After three years, RAC has returned with a delightful collection of songs to move to. With a longing for childhood, this is a portal to a time of innocence and possibilities
‘BOY’ is the third solo album from André Allen Anjos, the Portuguese-American producer best known as RAC. Having built a following for his spirited remixes for artists like The Shins, Phoenix and Lana Del Rey, his transformation to a solo artist has been fruitful. Anjos has produced one album every three years since 2014, and ‘BOY’ is a highlight: a wide-ranging, yet focused record that many can, and will, enjoy. It is tinged in sun, community and guitar licks. ‘BOY’ perfectly embodies that intoxicating youthful promise of hope, rejection and intrigue.
Speaking of the process behind his latest project, Anjos commented: “I was just writing and writing and writing. I wrote so many demos, and I kept coming back to this theme of childhood.” The complexity of the world through the eyes of The Youth is a common fixture across ‘BOY’. On ‘Sweater’, Maddie Jay dreamily sings of her lover: “It‘s been a while since someone else’s jokes have made me smile” opens the song. With its cooed chorus and breezy arrangement, it is a ridiculously sweet track. ‘Oakland’ finds Winnetka Bowling League singing about the need to move on to somewhere else on an equally bouncy beat.
One of ‘BOY’’s biggest achievements is naturally encapsulating the perspective of a young person in 2020. As Anjos is 35, his teenage days are long behind him but ‘BOY’ is a body of work that can pass off as youthful. Lyrics like “Slim into some DM’s” and “They’ve all got their juul pods” appear on the album’s first proper track ‘Boomerang’. Lead single ‘Stuck on You’ features the line “I muted your ‘gram.” The bridge to ‘MIA’ goes: “Ever since you went MIA, I’ve been stuck in my bed all day, staring at my telephone screen, waiting for an SMS in your name.” You would not think at first glance this is music from someone 13 years into their career.
It is only further helped by how entertaining these songs are. The former is a relatively low-key start. It is delightfully delicate; guitar flicks and carefully harmonised words create a sense of despondency above the pretty melody. ‘MIA’ is similarly despondent albeit very chirpy. Already geared for TikTok dominance with its overly performative vocals (“The fuck did I do?”), it is a really well fleshed out number. As for the aforementioned lead single, it is indeed a great single. Another sincere and heartfelt number, it is perfect to drive with the top down, after lockdown.
RAC’s USP of guitar-inflected bops is what ties this project together. With a smattering of collaborators, his distinct sound anchors the narrative. ‘Next To You’, one of the album’s lesser moments, is spearheaded by a dominant riff. Emerson Leif’s feature is commendable, if only for having a more confrontational tone compared to the plethora of hushed dulcet voices.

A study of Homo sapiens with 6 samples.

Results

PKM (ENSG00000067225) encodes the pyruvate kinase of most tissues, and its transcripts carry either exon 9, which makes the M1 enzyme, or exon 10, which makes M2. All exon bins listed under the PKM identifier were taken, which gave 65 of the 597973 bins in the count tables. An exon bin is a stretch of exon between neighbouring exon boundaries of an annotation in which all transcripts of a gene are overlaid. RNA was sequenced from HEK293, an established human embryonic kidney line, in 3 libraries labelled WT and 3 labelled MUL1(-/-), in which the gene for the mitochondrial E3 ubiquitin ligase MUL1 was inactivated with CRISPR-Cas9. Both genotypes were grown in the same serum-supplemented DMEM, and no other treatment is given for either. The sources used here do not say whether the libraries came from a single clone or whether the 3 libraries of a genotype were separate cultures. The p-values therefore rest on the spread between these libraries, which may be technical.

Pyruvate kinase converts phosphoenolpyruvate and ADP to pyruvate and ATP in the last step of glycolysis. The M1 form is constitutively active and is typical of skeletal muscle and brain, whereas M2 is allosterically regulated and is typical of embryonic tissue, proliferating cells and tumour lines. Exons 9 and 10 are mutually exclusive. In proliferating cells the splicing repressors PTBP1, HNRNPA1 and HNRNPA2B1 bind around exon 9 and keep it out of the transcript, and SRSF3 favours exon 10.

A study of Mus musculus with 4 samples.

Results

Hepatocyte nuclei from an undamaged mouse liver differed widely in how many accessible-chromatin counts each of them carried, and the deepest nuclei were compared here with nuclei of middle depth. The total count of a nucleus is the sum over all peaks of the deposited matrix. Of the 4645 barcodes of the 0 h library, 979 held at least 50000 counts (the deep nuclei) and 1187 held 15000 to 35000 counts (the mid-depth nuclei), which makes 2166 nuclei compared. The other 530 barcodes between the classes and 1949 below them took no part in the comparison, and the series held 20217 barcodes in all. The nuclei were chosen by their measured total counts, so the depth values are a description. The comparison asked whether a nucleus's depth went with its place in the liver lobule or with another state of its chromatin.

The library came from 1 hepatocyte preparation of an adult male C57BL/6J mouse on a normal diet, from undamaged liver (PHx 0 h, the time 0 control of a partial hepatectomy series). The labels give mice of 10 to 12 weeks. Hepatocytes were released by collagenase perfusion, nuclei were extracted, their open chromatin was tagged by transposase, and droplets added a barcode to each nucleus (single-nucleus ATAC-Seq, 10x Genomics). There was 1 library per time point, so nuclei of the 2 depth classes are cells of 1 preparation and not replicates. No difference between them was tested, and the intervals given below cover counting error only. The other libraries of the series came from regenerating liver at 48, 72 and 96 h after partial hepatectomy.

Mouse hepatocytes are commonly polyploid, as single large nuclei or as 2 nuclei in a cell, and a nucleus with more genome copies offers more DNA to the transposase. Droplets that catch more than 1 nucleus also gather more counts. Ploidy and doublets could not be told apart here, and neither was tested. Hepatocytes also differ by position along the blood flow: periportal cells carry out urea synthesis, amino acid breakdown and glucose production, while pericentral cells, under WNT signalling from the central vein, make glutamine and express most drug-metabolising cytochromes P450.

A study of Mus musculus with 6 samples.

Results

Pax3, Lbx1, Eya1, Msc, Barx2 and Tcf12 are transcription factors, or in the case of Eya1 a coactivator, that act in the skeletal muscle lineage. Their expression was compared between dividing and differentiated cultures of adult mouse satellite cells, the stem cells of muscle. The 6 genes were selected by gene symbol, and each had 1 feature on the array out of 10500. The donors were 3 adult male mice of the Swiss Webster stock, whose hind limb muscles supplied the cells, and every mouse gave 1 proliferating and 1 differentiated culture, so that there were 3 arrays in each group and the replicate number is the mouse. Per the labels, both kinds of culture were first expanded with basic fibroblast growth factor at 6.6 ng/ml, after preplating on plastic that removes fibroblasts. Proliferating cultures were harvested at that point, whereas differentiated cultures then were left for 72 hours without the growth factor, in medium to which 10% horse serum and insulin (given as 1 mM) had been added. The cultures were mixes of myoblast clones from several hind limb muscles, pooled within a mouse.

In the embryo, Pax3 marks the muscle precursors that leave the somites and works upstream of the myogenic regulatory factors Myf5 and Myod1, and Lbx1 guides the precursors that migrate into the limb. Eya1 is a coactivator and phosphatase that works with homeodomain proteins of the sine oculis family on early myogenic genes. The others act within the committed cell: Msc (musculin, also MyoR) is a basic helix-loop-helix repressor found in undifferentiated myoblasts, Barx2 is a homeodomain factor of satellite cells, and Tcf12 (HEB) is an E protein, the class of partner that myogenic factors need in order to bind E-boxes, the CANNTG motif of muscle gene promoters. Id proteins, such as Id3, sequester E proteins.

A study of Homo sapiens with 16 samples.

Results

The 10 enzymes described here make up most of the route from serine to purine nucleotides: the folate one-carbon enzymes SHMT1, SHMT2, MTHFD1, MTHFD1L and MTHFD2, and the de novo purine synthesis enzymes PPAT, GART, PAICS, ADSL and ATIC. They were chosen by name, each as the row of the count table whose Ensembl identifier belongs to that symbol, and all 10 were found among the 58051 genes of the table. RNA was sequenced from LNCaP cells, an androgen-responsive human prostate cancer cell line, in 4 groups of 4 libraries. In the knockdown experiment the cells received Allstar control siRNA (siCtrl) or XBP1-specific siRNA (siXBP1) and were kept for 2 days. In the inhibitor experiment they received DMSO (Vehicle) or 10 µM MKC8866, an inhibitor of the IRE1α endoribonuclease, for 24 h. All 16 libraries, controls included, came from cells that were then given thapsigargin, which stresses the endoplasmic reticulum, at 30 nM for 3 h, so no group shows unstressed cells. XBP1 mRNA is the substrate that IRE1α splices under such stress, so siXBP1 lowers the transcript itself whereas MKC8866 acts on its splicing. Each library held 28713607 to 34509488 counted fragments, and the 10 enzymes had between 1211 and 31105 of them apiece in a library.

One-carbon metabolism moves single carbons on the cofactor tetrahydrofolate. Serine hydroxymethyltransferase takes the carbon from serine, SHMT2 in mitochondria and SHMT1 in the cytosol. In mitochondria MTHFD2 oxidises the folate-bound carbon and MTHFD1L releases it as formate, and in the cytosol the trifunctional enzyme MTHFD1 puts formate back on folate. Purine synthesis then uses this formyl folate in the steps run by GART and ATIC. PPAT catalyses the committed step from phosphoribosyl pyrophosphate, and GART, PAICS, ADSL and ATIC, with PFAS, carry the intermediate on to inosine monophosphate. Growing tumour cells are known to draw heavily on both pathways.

However a stand-out is ‘Passion’. Here, RAC works alongside Louis the Child, an electronic duo that have used the template of guitar-led EDM hits RAC laid out and taken it further. Together the two artists have chemistry in spades. With a chorus tempting you to join in (“Passion”, “Expression”, are stretched out, teasing a sing-along), it is a future festival favourite.
With a daunting eighteen songs, you might be deterred from completion. However the final stretch picks it up. ‘Get A Life’ is so stupidly catchy. Instupendo softly moans over the dumbest of fun melodies whereas ‘Change the Story’ finds British neo-soul hero bringing his natural infectious energy into an organic bop.
That is not to say this album is smooth sailing. As previously mentioned, eighteen songs is no walk in the park. Despite clocking in at forty-seven minutes (RAC’s shortest to date), there are eighteen tracks and not all of them can be winners. ‘Carefree’ is a shot in the foot; a song of such little interest that the terms ‘carefree’ and ‘thoughtless’ are interchangeable. Four of the eighteen are instrumental interludes which breeze by without notice. Stripping those away would tighten the record up and, at fourteen songs, would seem far more digestible.
Saving one of the best to last, however, is ‘Better Days’. The third collaboration between RAC and St. Lucia, it is a cosy closer. Cinematic and nostalgic, it is a gorgeous slow-burner: school discos would be so lucky to employ this.
Sure, this year is a festival-free nightmare but that does not mean you cannot pretend. RAC’s third record is his strongest so far; a relevant, slick sound with a kindred spirit. With some of his best writing and ever-improving production, it is a step in the right direction. ‘BOY’ might just make you nostalgic for something you never had.